We are all familiar with what a wardrobe is – an enclosed space for hanging our clothes, often with interior shelves and drawers. But do we know where they originate from? What is the history behind the humble wardrobe that serves us so well day in, day out?
Today, having a wardrobe full of clothing is something we take for granted. Our caveman ancestors would not have been so concerned with where to organise their animal pelts, probably not taking them off very often! These days, we need somewhere tidy and organised for all our various outfits. Those for work, holiday and weekend casual. We don’t want trousers and shirts getting creased or damaged by moths. So, when did our amount of clothing become so great so as to warrant a piece of furniture devoted to its storage?
It has been documented that the first time a person’s ‘stock of clothes for wearing’ required a dedicated storage space was sometime in the 14th century. Initially, this was usually a chest or box of some kind. In this century, nobles began referring to a ‘room where apparel is kept’ as a warderobe or wardereube. These words came from old French, in which ‘warder’ meant to guard or to keep safe. The ‘robe’ part means garment.
Travelling into the future by around 400 years and we see the first examples of a wardrobe as an actual piece of furniture. It was described as a movable and closed cupboard for storing wearing apparel. It had two separate sections – one for hanging clothes and one for laying them flat and folded.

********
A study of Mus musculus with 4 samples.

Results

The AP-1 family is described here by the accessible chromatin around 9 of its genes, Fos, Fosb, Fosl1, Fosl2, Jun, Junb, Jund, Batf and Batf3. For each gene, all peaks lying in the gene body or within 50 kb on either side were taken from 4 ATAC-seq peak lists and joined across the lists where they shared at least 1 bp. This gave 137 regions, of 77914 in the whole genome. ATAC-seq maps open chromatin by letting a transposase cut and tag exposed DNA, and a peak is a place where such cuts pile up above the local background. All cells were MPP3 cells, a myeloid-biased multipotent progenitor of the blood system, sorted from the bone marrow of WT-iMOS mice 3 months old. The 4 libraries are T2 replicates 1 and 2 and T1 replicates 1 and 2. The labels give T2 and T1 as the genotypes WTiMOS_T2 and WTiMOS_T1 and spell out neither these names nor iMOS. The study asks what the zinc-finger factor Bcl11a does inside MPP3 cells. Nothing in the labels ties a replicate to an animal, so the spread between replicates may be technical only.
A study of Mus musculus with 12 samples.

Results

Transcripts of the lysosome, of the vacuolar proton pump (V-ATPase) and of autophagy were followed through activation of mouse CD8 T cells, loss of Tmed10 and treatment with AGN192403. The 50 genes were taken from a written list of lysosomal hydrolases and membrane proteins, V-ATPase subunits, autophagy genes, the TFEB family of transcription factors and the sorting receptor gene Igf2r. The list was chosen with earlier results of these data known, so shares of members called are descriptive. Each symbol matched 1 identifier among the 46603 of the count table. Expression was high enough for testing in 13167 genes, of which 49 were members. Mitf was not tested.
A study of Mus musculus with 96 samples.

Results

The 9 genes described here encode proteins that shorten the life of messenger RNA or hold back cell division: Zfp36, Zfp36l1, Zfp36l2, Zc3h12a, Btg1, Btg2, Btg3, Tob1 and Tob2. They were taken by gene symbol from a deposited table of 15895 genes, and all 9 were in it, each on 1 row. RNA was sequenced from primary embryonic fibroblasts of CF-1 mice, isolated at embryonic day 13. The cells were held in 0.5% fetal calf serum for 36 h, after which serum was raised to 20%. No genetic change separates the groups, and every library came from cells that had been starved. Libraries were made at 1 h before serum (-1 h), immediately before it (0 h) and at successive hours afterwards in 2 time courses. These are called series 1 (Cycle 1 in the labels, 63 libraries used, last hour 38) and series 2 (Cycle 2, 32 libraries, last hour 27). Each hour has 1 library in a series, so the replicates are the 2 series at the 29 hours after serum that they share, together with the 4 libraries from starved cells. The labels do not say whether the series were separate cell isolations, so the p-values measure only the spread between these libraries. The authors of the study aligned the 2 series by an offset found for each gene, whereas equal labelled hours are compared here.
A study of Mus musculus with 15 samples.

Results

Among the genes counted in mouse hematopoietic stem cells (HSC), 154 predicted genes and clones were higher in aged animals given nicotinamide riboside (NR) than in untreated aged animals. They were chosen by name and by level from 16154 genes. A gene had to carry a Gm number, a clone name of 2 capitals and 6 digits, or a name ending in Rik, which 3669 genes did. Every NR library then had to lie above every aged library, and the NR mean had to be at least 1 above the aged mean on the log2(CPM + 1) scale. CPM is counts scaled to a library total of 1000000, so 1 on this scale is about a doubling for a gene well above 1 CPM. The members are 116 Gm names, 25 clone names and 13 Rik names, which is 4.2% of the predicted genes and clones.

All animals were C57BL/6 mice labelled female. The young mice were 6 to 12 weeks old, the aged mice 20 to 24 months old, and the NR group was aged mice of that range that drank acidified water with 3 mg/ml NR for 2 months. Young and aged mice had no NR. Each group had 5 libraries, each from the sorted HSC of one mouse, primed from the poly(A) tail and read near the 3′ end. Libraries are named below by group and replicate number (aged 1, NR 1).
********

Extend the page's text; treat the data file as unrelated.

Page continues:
The wardrobes were usually only found in wealthy households and would often be highly decorated and adorned with carvings and intricate patterns. They would stand proud in a bedchamber, making a considerable statement. Wardrobes hidden into recesses and covered with patterned panelling also started to appear as the birth of the fitted wardrobe. For Fitted Wardrobes Hampshire, check out the Fitted Wardrobes in Hampshire by Lamco-design.
By the 19th century, the wardrobe had become a vital part of the bedroom furniture. As the industrial revolution swept across the country, more wealth was distributed to the working classes and production methods were made easier, meaning wardrobes were no longer the preserve of the wealthy nobility. Fashion and clothing flourished and as such, people had a far greater need for someone to store their increasing amount of clothing.
Today, the fitted wardrobe is the symbol of contemporary living, providing a clutter-free environment. Now we can choose from a whole variety of stylish sliding doors, personalised storage options and mirrored doors for a sleek, elegant bedroom that is maximised for space. No longer do you need to be nobility to have the wardrobe of your dreams.